PC Magazine: Why Apple TV matters

Apple Store“While PC makers still believe the PC should be the center of the digital home, cable and telecom companies champion smarter set-top boxes and services. Companies such as Akimbo, Digeo, and Digital Deck also offer various twists on this theme, delivering a digital centerpiece for controlling, managing, sharing, and viewing all types of digital content,” Tim Bajarin writes for PC Magazine.

Bajarin writes, “Now Apple is extending its digital lifestyle concept to the TV, with Apple TV. I find this move by Apple very interesting and potentially important to the market because of the impact it may have on consumer trends. Of course, Apple is not the first to try to extend Mac/PC content to the living room; in fact, it’s five years late. Microsoft’s Windows Media Center has been doing this since 2002 with mixed results, and various other media adapters have come to market since then and gotten only minimal consumer acceptance.”

Bajarin writes, “On the other hand, you could say the same for Apple’s late entry into the MP3 space. Though MP3 players had been around since 1997, Apple’s iconic player didn’t arrive until 2002. The iPod’s design and simpler, easy-to-use interface has propelled it to a market share of more than 70 percent.”

Bajarin writes, “Although I don’t expect Apple to have quite the same spectacular results with its Apple TV product, the market impact may be similar to that of the iPod. Apple TV could make moving computer content around the house another mainstream digital activity.”

Full article, with mention of “Apple’s not-so-secret weapon: using its own retail stores to demonstrate how the product will work to mainstream consumers,” here.

Related articles:
Bear Stearns: Apple TV and iPhone have changed the Apple story for the better – February 21, 2007
Deutsche Bank: Apple TV could take 30% of set-top box market within a few years – February 21, 2007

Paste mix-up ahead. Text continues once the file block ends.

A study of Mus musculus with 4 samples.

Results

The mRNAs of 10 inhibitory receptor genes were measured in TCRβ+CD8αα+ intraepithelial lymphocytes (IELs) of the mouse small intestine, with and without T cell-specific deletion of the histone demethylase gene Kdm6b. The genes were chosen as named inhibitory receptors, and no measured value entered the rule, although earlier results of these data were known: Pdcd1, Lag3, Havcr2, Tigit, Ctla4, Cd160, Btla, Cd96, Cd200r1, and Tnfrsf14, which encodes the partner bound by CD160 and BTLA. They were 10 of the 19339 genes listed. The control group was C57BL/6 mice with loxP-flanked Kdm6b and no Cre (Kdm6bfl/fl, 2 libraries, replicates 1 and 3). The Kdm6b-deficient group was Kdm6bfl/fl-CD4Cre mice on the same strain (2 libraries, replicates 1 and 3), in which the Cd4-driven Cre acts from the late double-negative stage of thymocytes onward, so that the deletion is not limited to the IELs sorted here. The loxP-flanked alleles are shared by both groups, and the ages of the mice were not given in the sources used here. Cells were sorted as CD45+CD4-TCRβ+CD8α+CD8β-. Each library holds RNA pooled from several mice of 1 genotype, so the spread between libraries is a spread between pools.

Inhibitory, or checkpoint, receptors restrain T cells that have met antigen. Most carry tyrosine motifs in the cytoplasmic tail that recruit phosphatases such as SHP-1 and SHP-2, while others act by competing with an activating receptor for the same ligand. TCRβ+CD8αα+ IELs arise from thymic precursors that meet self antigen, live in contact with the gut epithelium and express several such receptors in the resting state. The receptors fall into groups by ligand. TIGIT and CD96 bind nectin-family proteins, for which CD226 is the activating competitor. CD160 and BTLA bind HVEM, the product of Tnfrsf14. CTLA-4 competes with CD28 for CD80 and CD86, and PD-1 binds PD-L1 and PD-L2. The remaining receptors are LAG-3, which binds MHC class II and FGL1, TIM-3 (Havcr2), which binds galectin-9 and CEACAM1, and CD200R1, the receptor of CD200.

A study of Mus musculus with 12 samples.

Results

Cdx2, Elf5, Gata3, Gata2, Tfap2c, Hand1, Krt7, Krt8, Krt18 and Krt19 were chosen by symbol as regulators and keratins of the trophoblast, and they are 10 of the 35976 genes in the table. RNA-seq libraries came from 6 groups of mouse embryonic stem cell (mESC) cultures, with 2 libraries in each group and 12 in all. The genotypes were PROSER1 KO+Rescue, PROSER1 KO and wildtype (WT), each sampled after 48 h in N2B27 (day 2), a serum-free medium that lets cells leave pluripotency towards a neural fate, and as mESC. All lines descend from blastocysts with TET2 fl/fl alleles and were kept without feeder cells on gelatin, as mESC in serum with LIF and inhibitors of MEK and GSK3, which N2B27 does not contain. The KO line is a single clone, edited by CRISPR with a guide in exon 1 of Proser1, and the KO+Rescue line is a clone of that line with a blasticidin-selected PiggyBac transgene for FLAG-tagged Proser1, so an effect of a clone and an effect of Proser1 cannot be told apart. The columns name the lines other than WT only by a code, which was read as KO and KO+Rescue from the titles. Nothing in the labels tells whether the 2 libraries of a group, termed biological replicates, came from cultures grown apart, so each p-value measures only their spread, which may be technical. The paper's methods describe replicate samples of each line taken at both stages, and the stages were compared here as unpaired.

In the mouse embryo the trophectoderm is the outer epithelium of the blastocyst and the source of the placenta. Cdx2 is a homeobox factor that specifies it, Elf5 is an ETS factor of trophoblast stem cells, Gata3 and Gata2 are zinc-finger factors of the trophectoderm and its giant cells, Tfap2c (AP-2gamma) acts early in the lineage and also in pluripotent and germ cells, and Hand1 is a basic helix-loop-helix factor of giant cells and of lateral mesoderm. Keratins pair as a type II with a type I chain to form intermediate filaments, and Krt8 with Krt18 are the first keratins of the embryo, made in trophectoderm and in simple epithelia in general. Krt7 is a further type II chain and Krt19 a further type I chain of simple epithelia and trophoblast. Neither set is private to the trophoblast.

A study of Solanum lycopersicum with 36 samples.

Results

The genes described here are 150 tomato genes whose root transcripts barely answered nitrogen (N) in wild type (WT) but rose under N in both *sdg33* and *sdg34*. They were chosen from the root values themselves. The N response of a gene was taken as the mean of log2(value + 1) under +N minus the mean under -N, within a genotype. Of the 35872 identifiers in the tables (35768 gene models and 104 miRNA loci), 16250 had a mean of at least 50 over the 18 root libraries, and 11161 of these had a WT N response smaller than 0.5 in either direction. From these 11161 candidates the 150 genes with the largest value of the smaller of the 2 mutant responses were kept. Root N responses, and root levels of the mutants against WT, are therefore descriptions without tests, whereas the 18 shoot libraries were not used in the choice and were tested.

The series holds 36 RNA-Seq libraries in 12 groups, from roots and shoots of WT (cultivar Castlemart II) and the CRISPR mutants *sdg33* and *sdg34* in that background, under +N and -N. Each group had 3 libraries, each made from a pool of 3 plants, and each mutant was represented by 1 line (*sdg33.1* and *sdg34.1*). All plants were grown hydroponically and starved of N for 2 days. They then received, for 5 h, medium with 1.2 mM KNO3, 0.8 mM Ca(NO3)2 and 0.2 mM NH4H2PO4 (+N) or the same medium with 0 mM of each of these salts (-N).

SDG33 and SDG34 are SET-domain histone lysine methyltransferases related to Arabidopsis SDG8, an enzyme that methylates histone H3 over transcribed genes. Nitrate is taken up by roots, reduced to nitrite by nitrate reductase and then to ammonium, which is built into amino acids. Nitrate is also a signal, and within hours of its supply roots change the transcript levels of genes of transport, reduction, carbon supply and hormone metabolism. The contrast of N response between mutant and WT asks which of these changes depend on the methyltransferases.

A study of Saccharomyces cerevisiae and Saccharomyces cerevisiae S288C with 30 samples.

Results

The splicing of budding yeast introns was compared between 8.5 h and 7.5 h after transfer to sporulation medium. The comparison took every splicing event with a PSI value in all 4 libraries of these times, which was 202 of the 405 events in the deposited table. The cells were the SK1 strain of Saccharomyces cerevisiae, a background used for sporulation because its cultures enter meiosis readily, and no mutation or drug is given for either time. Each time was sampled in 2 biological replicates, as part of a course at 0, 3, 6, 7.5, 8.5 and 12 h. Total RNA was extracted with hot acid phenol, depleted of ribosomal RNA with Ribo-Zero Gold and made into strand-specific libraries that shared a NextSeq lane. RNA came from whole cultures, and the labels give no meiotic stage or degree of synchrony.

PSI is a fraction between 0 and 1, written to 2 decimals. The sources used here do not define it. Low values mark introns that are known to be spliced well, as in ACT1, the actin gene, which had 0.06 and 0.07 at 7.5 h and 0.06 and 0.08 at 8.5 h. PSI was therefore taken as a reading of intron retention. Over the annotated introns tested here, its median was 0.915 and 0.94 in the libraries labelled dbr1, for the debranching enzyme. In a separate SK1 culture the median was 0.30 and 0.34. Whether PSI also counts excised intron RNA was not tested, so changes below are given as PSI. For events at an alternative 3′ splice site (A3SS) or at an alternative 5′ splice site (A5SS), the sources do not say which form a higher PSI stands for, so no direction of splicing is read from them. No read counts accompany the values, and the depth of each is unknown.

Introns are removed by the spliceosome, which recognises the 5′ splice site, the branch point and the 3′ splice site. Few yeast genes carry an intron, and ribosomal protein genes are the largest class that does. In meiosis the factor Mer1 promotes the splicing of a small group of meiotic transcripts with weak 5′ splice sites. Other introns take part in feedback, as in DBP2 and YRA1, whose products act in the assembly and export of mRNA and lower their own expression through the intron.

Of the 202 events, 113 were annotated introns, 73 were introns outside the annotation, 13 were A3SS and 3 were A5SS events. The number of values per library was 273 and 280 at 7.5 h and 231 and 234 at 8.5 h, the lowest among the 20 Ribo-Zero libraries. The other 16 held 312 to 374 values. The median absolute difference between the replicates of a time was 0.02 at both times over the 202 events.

How do Apple TV and Elgato’s EyeTV work together? – February 16, 2007
Apple embraces casual gaming; iPhone, Apple TV to join iPod as gaming devices – February 09, 2007
Former GM of Microsoft’s Xbox Live Arcade: Apple TV to become video game console – February 08, 2007
ZDNet’s Graham: Apple TV hits a number of sweet spots, poised to make a big impact – January 25, 2007
Is Apple out to kill cable television? – January 25, 2007
RUMOR: Apple TV sales blowing away Apple’s internal expectations – January 25, 2007
Steve Jobs: Apple TV is the ‘DVD player for the 21st century’ – January 22, 2007
Apple TV beats out iPod, hits top spot on Apple Store sales chart – January 19, 2007
Report: first batch of 100,000 Apple TVs to ship this month – January 11, 2007
Steve Jobs moves to control the living room with Apple TV – January 10, 2007
Analyst Bajarin: Apple’s iPhone and Apple TV are industry game changers – January 09, 2007
Apple premieres Apple TV: movies, TV shows, music & photos on your big screen TV – January 09, 2007
RUMOR: Apple may enter video game market – December 05, 2006
Could Apple become king of game consoles? – September 26, 2006

33 Comments

  1. If iTunes is morphing into an all-media controller, its stranglehold on the player mindshare could be weakened, opening up an opportunity for shareware creators. I’ve got some money ready for a light-footprint player targeted at unprotected and manually-managed files that handles Playlist creation/management smartly. Maybe the folks at Chaotic will step up to the plate. Their MediaRage product is an excellent tags manager though the GUI is a bit weak.

  2. I have to say I agree with the nay-sayers on this one. I just don’t see the utility of this product right now. And I don’t think the market is very big. How many non-techie people right now have:

    A) A HDTV (because Apple TV is targeted only to HDTVs)

    and

    B) Loads of content purchased at the iTunes store that they want to stream over to these said tvs (currently the only movies/tv shows you can play are those from the iT store, not compatible with other formats, can only stream stuff from within iTunes)

    Another question: why would you buy a huge library of movies from Apple? The quality is FAR inferior to DVDs at not the greatest price break. You get no extras. You can’t burn a backup. Can’t rent them. Who is buying movies from iTunes and why? Really, that’s a serious question.

    And I’m sorry, I’m not buying my television shows one at time. Forget that. If I’m going to miss a show I Tivo it, I don’t pay Apple $2 a pop for the previledge of watching a show later. And I don’t care to own my shows. How many times am I going to watch “My Name is Earl”? Come on.

    I’m just asking some questions here. I am a huge Apple fan. I just wish this product had more going for it. I love the idea of having all your media easily accesible from your computer to your livingroom. (I think the new Netflix streaming movie solution is really cool, just get it Mac compatible). When that happens it’s going to be a great day. I just don’t think Apple TV is there yet. I guess I’m impatient. I’m sure it will get better. Pointing out its flaws and exploring how people want to get their content to their livingroom is a good thing in the long run.